Theo Peckham was drafted in 2006. He's played 174 professional games after a full junior career with the Owen Sound Attack. Thirty-one of those have been in the National Hockey League. He turns twenty-three in November. He's been around longer than it feels like he's been around. Still a prospect, certainly, but no longer an unblooded youngster fresh to the professional ranks. Peckham's done a few loops of the minor league circuit and he's had more than a cup of coffee in the big show. While he's not as good as he's going to get, we should at least have a fairly good idea what he is by now.
Unfortunately, I don't think he's all that much.
Did you know Peckham hasn't finished a season even or better since 2004-05? And he hasn't played exclusively on awful teams either: the Owen Sound Attack made the playoffs every year Peckham played for them and even won a round in 2005-06, a playoff run in which Peckham somehow contrived to score seven points and finish -3. His numbers in Springfield have tended to be bad even for the Falcons, and his stints in the NHL have been both numerically ineffective and rather unpleasant to watch as well. Some of it's just inexperience, but more of it appears to be simple physical inadequacy. He's not fast enough. He hasn't got the strength or agility to make up for it when he gets blown by. He can chuck knuckles but that hasn't helped him in the least. He's got a nice shot from the point which could make him an effective powerplay asset if he ever stopped blowing his brains out at even strength.
We all know that it takes defensemen a little time to round into form. More than one team has been burned by trading its hard-hitting blueliners before they were ready. The New Jersey Devils and Toronto Maple Leafs both learned this lesson, to their cost, with Jason Smith. We're currently in the process of learning it with Matt Greene, although the "Lubomir Visnovsky" thing rather dulls the pain of that trade. Peckham's still young and still has lots of miles left, but unlike Greene or Smith he isn't showing any signs of improvement. Will he ever be more than an American Leaguer who gets NHL callups when someone's hurt or the team is terrible? And if not, why should we be saving a roster spot for this guy?
As you can see from our ratings, the Copper & Blue board of excellent people is beginning to lose faith in Peckham. Only Jonathan Willis puts Peckham in his top ten and Derek (poor, optimistic Derek) is the only other one to have Peckham in his top fifteen. Scott and Bruce actually make me look positively optimistic on Theo's future, which is a rare thing. On the other hand, back in February I ranked Peckham fourth and said "If I could bet on any Oiler prospect who would definitely have an NHL career, Peckham would be worth laying money on."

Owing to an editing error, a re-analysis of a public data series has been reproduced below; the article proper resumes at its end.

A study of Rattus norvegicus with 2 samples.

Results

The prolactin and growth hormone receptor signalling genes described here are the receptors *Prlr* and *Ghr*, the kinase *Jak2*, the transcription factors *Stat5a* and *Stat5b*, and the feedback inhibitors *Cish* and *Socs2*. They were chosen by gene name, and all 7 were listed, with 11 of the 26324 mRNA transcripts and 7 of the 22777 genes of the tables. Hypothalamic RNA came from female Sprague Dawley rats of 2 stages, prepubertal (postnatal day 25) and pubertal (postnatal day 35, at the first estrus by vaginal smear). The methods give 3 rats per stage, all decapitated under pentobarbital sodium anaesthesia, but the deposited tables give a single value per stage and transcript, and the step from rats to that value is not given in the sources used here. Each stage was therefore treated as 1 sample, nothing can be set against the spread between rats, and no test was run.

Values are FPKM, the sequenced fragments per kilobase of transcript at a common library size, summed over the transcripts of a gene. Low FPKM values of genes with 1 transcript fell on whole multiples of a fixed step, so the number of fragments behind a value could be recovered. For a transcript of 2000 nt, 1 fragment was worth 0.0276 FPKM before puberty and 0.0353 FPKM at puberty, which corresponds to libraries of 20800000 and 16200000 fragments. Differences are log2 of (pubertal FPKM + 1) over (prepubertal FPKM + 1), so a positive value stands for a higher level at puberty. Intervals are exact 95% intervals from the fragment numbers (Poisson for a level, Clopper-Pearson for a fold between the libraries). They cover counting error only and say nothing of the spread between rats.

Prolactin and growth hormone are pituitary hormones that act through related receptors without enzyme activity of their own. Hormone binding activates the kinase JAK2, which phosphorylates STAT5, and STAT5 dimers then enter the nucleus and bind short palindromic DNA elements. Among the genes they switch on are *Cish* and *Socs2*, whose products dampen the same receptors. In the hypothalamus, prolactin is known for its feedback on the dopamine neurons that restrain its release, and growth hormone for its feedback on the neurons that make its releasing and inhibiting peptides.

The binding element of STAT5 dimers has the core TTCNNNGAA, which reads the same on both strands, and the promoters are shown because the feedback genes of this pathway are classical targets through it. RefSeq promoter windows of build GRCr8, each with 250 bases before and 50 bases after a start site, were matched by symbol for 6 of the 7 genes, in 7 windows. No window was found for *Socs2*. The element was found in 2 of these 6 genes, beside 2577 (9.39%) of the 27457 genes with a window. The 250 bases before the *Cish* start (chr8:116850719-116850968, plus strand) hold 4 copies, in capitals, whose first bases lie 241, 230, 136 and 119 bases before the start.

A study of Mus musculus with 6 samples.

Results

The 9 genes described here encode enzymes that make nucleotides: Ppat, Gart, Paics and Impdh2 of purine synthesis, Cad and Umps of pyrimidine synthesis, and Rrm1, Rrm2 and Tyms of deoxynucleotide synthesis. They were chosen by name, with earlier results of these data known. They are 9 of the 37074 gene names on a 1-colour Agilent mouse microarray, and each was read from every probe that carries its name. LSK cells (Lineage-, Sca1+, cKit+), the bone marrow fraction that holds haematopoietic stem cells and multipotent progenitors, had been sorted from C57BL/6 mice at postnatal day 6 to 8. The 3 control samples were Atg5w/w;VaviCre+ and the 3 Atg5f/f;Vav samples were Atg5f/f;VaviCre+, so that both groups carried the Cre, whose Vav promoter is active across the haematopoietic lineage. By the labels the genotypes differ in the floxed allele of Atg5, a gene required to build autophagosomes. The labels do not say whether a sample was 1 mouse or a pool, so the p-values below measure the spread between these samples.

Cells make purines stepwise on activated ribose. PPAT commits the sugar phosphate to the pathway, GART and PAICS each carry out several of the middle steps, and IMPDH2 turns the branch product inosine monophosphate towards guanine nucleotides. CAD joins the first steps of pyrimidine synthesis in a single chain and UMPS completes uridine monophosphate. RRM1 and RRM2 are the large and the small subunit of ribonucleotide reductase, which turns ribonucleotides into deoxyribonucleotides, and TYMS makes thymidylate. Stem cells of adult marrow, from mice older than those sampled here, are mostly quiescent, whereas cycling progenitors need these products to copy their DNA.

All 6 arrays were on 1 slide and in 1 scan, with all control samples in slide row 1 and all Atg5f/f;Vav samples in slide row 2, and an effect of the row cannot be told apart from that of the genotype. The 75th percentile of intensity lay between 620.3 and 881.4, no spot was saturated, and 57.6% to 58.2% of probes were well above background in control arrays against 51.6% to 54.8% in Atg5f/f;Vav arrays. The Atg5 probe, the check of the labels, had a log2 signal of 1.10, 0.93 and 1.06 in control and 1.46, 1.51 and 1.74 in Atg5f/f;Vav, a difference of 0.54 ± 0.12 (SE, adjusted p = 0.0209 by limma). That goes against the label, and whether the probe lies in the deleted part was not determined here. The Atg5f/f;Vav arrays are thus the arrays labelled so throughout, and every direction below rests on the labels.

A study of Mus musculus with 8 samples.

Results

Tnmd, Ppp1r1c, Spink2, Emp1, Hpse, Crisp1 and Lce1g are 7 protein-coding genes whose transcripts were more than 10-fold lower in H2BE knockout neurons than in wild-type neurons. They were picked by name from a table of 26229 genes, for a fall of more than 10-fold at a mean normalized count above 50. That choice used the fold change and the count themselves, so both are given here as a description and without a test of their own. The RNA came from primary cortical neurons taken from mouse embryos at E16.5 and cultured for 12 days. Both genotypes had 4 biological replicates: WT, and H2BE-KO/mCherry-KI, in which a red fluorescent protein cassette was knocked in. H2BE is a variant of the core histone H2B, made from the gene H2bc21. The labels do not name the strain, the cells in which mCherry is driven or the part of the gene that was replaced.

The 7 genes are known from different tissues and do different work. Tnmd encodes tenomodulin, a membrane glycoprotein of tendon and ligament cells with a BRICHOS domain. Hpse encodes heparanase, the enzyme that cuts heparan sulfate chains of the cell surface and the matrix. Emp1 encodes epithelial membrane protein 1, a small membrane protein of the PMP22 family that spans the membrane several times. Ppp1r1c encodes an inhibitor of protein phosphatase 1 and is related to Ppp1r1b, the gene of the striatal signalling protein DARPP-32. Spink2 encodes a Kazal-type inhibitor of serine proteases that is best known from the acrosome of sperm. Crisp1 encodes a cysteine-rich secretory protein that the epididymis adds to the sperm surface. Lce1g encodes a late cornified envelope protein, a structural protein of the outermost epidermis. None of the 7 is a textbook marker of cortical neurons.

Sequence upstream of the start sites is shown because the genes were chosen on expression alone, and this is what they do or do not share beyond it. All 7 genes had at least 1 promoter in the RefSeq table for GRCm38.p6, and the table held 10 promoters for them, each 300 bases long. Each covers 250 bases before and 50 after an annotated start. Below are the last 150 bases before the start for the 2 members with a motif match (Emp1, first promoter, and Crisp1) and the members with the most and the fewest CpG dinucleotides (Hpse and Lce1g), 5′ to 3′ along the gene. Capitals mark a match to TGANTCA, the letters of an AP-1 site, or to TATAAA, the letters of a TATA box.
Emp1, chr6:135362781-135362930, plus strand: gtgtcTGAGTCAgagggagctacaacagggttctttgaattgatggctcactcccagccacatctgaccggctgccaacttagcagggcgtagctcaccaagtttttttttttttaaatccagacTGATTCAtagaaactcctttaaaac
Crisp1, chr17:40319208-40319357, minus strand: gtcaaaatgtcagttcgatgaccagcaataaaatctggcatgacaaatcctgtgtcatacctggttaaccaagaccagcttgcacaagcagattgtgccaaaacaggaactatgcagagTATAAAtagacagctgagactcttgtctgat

He did wind up getting his NHL shot, of course, and looked absolutely terrible. And the more the season wore on the less and less I was impressed with Peckham's seemingly complete lack of development. He wound up playing fifteen games with the Oilers last year, having also played fifteen games the year before, and I was at a loss trying to find a way in which the extra time had improved Peckham one whit.
Of course the Falcons were an awful team and a difficult place to learn the hockey trade. But a large part of that awfulness was that too few of its core players were delivering. Peckham was expected to be the Falcons' best defenseman last year and he didn't even come close to keeping his head above water. He was passed (in the minds of the organization, if nobody else) by Taylor Chorney, and passed in the hearts of all righteous observers by the surprisingly poised Alex Plante. Johan Motin is bearing up hard behind him and may already be ahead. Somebody of Peckham's age and professional experience should be establishing himself on an NHL roster, not losing ground to players two years younger.
This season, Theo Peckham's greatest advantage is the waiver situation. In spite of signing a two-way contract (and what a contract - kudos to Tambellini for pulling that off), Peckham is eligible for waivers and will presumably start the year as one of the seven and a half defensemen on the Oilers roster. One has to believe that Peckham will see a lot of press box time unless somebody gets hurt, but since somebody will get hurt he'll probably receive more NHL experience out of this. It's certainly bad news for Motin and Plante, who will be unlikely to get called up unless so many defensemen are hurt the dressing room looks like a scene in Alien. But since this is the Oilers, they shouldn't have to wait longer than December for that to happen.
As Taylor Chorney could tell us, all the NHL ice time in the world doesn't mean anything if you physically can't do it. It appears more and more that Theo Peckham physically can't do it. If he surprises me I'll be delighted, but right now I'm not seeing the next Jason Smith, I'm seeing the next Dan Smith.